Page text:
Newby on the Minimum Wage (cont.)


Back in February, I flagged a blog post by Brian Newby highlighting what he called the “other big news” in the State of the Union address (besides the appointment of the new bipartisan commission) – a proposed increase in the minimum wage. At the time, he noted the potential impact that such an increase would have on many election offices, who rely so heavily on temporary, minimum-wage workers in the run-up to Election Day.

Last week, in response to the nationwide effort by fast-food workers to force an increase in their wages, Brian is back at ElectionDiary with another look at the minimum wage and its impact on election administration.

This time, he’s more interested in what the current wage structure says about how election workers (part- and full-time) are valued and paid across the country:

I have no quarrel with the [fast-food workers’] crusade for $15 an hour.

But it’s worth pointing out what jobs don’t pay that much and then stressing that we actually have staff members who don’t make $15 an hour. Those are full-time staff members, not temporaries, who do most of the heavy lifting at the election office and are our unsung heroes. They are paid comparable to baristas at Starbucks …

[E]lections administrations nationwide consistently make considerably less than their government peers. There are a few factors that are the causes, including the fact that elections historically have been led by women and women, further, historically have been paid less than men for comparable jobs.

Our election workers make $110 for about a 14-hour day ($7.85 an hour) and another $15 for three hours of training. We split that for administrative reasons, though, so, really, they make $125 for 17 hours ($7.35 an hour, 10 cents more per hour than today’s minimum wage).

Brian’s takeaway, which I find persuasive, is that this pay issue suggests that we need to think about what the current wage structure says about the investment we’re making in election administration nationwide:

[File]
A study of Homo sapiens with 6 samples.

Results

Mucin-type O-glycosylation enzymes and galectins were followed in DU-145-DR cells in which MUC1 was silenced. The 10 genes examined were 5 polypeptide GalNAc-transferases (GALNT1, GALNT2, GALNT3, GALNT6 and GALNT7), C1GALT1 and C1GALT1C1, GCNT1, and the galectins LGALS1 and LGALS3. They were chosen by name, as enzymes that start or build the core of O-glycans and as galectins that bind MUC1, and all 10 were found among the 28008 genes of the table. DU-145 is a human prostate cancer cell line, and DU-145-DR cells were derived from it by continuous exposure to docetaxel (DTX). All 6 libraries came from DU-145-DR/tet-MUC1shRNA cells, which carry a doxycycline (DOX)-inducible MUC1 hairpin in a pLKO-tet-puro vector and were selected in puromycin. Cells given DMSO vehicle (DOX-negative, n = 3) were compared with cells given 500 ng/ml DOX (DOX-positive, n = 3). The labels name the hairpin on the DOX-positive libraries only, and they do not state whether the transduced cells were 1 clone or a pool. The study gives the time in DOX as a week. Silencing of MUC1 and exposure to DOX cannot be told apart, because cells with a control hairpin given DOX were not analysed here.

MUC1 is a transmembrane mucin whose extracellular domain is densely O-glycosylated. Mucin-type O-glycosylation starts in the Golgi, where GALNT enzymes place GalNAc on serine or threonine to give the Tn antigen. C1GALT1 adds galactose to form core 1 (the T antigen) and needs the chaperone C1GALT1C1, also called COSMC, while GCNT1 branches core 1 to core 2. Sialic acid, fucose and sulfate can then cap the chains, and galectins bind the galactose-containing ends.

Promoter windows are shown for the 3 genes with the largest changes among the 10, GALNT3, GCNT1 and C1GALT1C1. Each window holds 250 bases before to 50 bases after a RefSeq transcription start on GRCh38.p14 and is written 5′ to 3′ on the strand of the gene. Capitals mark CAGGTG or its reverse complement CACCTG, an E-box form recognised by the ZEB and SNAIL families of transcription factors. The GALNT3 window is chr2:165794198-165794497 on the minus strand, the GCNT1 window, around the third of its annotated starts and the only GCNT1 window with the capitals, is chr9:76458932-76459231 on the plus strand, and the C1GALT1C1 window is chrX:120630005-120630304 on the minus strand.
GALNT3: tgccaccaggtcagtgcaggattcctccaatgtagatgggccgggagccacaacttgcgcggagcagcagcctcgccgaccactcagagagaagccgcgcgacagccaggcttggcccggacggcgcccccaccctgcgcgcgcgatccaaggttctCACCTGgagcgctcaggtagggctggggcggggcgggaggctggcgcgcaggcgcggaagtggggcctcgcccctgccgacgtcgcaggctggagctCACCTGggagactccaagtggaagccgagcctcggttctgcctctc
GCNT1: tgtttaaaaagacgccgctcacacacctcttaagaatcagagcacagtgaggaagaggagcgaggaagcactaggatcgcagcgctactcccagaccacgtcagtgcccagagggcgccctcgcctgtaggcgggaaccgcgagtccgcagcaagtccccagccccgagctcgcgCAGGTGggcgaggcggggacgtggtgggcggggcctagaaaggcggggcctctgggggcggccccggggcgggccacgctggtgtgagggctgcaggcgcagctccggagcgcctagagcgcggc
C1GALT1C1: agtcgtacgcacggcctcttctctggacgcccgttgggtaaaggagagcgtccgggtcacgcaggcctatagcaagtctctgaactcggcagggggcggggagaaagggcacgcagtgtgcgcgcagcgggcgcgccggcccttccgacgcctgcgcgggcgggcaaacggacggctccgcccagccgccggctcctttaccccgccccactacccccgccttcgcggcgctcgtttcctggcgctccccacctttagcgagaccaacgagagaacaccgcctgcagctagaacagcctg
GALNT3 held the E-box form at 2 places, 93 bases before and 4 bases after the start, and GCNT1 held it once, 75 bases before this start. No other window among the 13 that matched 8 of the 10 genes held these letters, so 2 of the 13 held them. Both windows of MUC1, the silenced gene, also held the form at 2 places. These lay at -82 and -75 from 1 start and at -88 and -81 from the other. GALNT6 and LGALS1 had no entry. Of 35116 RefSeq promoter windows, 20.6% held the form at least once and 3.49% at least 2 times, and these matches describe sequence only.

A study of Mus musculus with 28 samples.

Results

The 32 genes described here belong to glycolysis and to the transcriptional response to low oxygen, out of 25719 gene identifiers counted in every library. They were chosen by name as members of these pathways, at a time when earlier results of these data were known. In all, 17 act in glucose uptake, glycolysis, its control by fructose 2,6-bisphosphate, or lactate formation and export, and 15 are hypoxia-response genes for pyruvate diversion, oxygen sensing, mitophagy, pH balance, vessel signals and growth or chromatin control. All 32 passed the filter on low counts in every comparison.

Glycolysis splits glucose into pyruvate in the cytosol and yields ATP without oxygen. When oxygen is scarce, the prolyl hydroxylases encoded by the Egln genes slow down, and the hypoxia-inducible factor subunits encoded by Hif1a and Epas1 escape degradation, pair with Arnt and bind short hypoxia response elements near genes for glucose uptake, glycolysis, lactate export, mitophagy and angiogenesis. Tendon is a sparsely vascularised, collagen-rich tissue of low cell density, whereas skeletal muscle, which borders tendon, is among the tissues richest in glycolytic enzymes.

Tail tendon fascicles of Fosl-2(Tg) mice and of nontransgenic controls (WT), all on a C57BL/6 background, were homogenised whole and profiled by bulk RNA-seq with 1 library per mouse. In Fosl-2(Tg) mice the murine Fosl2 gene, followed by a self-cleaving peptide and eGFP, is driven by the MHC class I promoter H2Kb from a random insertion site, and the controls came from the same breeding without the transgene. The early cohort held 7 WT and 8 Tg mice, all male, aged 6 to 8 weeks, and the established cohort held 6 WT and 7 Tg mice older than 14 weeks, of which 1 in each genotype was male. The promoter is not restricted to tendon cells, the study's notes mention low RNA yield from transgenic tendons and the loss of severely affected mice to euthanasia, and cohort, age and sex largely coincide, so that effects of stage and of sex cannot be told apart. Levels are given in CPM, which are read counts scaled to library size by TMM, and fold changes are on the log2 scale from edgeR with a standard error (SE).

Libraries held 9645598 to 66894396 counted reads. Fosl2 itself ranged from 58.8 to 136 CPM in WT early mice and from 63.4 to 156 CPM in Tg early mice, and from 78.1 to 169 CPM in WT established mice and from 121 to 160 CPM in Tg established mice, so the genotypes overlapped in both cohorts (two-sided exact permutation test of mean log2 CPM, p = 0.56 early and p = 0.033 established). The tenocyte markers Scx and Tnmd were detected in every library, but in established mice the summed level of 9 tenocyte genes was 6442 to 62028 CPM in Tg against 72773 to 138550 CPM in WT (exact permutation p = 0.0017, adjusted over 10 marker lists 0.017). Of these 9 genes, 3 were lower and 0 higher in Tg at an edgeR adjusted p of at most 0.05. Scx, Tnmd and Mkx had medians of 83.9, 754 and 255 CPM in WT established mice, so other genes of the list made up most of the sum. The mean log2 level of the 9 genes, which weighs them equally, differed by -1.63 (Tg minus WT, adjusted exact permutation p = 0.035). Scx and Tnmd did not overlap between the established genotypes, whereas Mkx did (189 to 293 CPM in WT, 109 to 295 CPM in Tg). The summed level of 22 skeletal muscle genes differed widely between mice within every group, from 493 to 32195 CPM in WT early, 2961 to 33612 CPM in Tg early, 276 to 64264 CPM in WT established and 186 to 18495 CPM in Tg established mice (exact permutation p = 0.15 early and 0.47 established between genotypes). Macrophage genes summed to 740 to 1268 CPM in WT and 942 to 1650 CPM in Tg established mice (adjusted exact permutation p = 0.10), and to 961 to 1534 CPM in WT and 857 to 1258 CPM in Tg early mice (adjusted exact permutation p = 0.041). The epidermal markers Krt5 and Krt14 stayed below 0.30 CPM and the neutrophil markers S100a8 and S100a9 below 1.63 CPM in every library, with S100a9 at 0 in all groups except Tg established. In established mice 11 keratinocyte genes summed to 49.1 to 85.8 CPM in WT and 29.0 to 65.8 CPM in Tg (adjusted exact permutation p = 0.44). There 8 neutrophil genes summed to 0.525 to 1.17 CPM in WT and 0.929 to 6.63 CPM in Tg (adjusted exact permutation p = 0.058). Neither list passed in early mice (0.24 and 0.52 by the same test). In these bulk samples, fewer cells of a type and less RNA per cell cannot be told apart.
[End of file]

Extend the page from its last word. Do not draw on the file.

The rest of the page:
The real point of this brief post is just to put in context how society values elections compared to other industries. I’m actually not sure society “values” elections in that most people haven’t consciously put a number to it; most of us probably haven’t thought about what hotel desk clerks make, either.

But still, elections, which are the foundation of our free society, are put on at nearly minimum wage. There may have even been a day when being an election worker was easier than working fast-food, but I’m not so sure anymore. I definitely think it’s more stressful to be an election worker than a fast-food employee …

I will give fast-food workers the fact that my clothes don’t smell greasy when coming home from a polling place, so there’s that.

Still, it’s interesting the jobs we conjure when thinking of minimum wage and very few would think of election workers. I often say they are paid just enough to feel guilty for not showing up, which might be the point of the fast-food protests …

As budgets get tighter and demands on election offices grow, it will force a rethink on how we invest in election administration … if elections are subject to the aphorism “you get what you pay for,” we may need to ensure that the value we place on proper functioning of our elections is matched by a comparable and appropriate level of funding.

Thanks, as always, to Brian for his thoughts!